Reading Diverse Voices by Bronwen Griffiths
Now, more than ever, we should support diverse voices in literature. This is a personal selection of writers, Black, Hispanic and Indigenous, that I have loved and plucked off my bookshelf, with a short introduction to each.
Books are in order of publishing date.
Ntozake Shange, African-American playwright/poet
for colored girls who have considered suicide/when the rainbow is enuf, spell #7 (1978, 1982, 1992)
This is a collection of Shange’s performances and prose poems – her themes can sometimes be uncomfortable (rape/abortion/white domination) and she also takes on the stereotypical images of blackness and black machismo - but always in marvellous, virtuoso language. She was an early user of nonstandard spellings and punctuation. Explaining her “lower-case letters, slashes, and spelling,” Shange said that “poems where all the first letters are capitalized” bore her; “also, I like the idea that letters dance. ... I need some visual stimulation, so that reading becomes not just a passive act and more than an intellectual activity, but demands rigorous participation.”
‘the sun wrapped me up swingin rose light everywhere
The sky laid over me like a million men
i waz cold/i waz burnin up/a child
& endlessly weaving garments for the moon
wit my tears’
The Bone People, 1984
The Bone People which won the Booker prize in 1985 was turned down by many publishing houses before being published by a small press in New Zealand.
The book has been criticised for the violence within it but Hulme also presents a clear depiction of how love, violence and need are braided together in a cycle of abuse and healing. A further important theme is Hulme's Utopian vision of a possible unity between Maori and Western culture in New Zealand. She spins together Maori and Western myth, together with the fierce reality of three people's lives.
‘Something touches her thigh. She spins round, viciously quick, her palms rigid and ready as knives. The urchin has spouted by her side, asking questions with all its fingers.'
Toni Morrison, African-American writer
Set in the mid 1800s, Morrison’s novel explores how slavery was institutionalized. This process included not only devaluation and humiliation but also ‘de-identification’: the annihilation of the slaves’ identities through arbitrary naming by the slave-owners which broke down the personalities and identities of the individuals.
In Mari Evans's 1984 book Black Women Writers, Morrison states that the best art “is unquestionably political and irrevocably beautiful at the same time”, - there is no question but that Morrison’s book achieves this.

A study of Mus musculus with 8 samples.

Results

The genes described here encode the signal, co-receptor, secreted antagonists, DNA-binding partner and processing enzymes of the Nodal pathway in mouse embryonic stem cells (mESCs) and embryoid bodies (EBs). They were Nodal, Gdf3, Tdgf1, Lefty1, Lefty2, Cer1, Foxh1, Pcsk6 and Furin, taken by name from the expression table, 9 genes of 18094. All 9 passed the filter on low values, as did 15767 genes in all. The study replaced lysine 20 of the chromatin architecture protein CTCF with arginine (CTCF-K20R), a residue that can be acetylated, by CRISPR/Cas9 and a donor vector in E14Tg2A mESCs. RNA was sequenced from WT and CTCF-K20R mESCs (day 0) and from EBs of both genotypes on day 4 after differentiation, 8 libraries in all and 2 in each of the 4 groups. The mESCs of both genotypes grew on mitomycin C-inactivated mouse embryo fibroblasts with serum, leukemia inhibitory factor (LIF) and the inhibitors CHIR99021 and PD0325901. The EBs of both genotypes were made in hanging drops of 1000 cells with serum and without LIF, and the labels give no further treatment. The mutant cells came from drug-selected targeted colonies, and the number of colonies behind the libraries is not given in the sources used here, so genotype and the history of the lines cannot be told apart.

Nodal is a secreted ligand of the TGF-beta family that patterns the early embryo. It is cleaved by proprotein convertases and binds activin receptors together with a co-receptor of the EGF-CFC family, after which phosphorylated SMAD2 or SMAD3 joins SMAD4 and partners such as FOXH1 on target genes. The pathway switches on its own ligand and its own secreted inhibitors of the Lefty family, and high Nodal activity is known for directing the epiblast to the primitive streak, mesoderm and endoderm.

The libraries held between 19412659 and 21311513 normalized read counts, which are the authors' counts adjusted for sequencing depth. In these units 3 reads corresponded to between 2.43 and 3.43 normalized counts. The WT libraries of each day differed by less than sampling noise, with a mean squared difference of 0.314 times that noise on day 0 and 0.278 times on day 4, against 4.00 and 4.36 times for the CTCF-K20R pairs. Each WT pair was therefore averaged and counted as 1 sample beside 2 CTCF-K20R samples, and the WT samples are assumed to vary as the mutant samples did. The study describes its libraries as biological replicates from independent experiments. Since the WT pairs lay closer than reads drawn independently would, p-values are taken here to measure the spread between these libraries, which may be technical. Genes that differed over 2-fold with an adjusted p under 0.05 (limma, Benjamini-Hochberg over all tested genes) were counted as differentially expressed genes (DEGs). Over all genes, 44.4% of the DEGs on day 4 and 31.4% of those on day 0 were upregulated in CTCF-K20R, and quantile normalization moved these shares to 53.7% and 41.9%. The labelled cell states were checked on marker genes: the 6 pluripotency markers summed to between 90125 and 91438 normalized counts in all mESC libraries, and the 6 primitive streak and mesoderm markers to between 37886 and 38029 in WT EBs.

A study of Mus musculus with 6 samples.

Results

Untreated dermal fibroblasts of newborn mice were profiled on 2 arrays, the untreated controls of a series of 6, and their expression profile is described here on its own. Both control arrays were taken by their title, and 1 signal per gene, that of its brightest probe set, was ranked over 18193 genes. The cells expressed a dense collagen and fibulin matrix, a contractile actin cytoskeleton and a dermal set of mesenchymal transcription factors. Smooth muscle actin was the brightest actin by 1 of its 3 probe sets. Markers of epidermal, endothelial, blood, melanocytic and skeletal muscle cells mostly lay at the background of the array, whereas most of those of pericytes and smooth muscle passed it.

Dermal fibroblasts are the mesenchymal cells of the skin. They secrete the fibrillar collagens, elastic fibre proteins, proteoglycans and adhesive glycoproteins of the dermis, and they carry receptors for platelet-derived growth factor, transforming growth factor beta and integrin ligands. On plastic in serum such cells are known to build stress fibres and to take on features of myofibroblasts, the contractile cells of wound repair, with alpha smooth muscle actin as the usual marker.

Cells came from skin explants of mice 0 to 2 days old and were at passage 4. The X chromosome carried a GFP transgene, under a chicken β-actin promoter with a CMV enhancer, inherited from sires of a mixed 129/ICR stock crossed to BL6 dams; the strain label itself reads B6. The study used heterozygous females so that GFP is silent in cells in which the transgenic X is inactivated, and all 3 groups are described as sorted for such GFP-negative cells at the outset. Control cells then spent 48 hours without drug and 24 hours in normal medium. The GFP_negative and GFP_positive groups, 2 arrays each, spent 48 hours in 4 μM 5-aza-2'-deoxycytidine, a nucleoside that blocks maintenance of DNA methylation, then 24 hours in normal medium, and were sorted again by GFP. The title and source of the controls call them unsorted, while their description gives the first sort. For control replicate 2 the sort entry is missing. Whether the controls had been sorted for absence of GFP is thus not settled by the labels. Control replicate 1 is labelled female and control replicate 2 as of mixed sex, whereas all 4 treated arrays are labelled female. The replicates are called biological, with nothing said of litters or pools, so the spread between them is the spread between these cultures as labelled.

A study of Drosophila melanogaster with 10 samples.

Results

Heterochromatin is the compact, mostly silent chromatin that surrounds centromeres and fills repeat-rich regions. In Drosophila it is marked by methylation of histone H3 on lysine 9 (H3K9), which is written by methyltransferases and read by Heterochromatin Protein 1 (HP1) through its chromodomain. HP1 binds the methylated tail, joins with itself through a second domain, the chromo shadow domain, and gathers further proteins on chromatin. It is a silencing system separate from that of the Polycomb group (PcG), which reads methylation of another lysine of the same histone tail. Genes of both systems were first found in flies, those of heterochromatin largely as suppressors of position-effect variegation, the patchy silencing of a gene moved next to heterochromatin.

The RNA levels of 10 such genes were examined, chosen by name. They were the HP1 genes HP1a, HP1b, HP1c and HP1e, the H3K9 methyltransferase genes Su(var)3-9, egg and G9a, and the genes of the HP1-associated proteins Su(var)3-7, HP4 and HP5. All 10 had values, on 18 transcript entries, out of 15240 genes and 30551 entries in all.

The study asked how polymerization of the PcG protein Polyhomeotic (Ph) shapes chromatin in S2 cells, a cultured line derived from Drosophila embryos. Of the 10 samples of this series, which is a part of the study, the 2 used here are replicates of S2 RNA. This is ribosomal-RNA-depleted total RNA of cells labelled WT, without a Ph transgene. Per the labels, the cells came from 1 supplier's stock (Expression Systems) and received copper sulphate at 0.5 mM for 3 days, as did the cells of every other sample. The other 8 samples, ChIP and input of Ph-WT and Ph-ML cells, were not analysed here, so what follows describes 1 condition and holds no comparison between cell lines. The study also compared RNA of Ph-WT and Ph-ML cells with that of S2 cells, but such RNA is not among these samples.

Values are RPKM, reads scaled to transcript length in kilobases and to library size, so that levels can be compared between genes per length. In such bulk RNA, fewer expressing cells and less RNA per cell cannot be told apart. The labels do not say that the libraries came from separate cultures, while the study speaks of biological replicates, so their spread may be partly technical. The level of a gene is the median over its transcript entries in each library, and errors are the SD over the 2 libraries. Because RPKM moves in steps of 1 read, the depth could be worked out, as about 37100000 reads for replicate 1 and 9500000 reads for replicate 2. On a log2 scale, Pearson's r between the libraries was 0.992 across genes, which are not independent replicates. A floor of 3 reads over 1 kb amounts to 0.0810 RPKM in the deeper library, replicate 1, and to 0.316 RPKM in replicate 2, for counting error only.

‘I guess the hands made her think she could do it: get us both across the river. But the mouth was what kept her from being scared. She said there ain’t nothing to go by with whitepeople. You don’t know how they’ll jump. Say one thing, do another.’
Sandra Cisneros, American writer with Latina roots - Woman Hollering Creek, 1991
A collection of short stories which reflect Cisneros's experience of America while still bound to her Mexican heritage. The stories focus on the social role of women, and their relationships with the men and other women in their lives. Cisneros also explores themes of alienation and displacement, and individualism versus cultural tradition.
‘Never marry a Mexican, my ma said once and always. She said this because of my father. She said this though she was Mexican too. But she was born here in the U.S., and he was born there, and it’s not the same, you know.’
Helon Habila, Nigerian writer, now lives in USA.
Measuring Time, 2007
Measuring Time is the story of a village from its conversion to Christianity by white missionaries, through periods of political machinations and power struggles, to the present day.
Habila’s work is ambitious in its scope and the themes it tackles: politics, corruption, colonialism, coming-of-age, education, history and love. His characterisation is strong and vivid, as is his evocation of both the landscapes of Nigeria, and the often fragile atmosphere when peace can tip over suddenly into violence.
‘At the foot of the hills was the village burial ground, with its headstones and crude wooden crosses looking as if they had sprouted from the clayey red earth. This had been the village burial ground for generations’ new graves straddled older graves, new bones mixed promiscuously with ancient ones.’
Abu Bakr Khaaal, Eritrean, currently resides in Denmark, African Titanics, (translated from Arabic by Charis Bredin) 2014, Darf
A poignant and beautiful short novel about the lives of a group of African migrants travelling through the desert and ending in the cruel seas at Europe’s doorstep. The story never shies away from showing us the death and suffering of migrants without ever sacrificing their humanity.
‘The moon, hanging over the edges of my vision, enchanted me. Even when dying of thirst, you cannot help being captivated by the moon, absorbing its dazzling glow and longing for it to be the last thing you see.’
Bronwen Griffiths is the author of two novels and two collections of flash fiction. Her flash fiction has been published on-line and in a number of anthologies.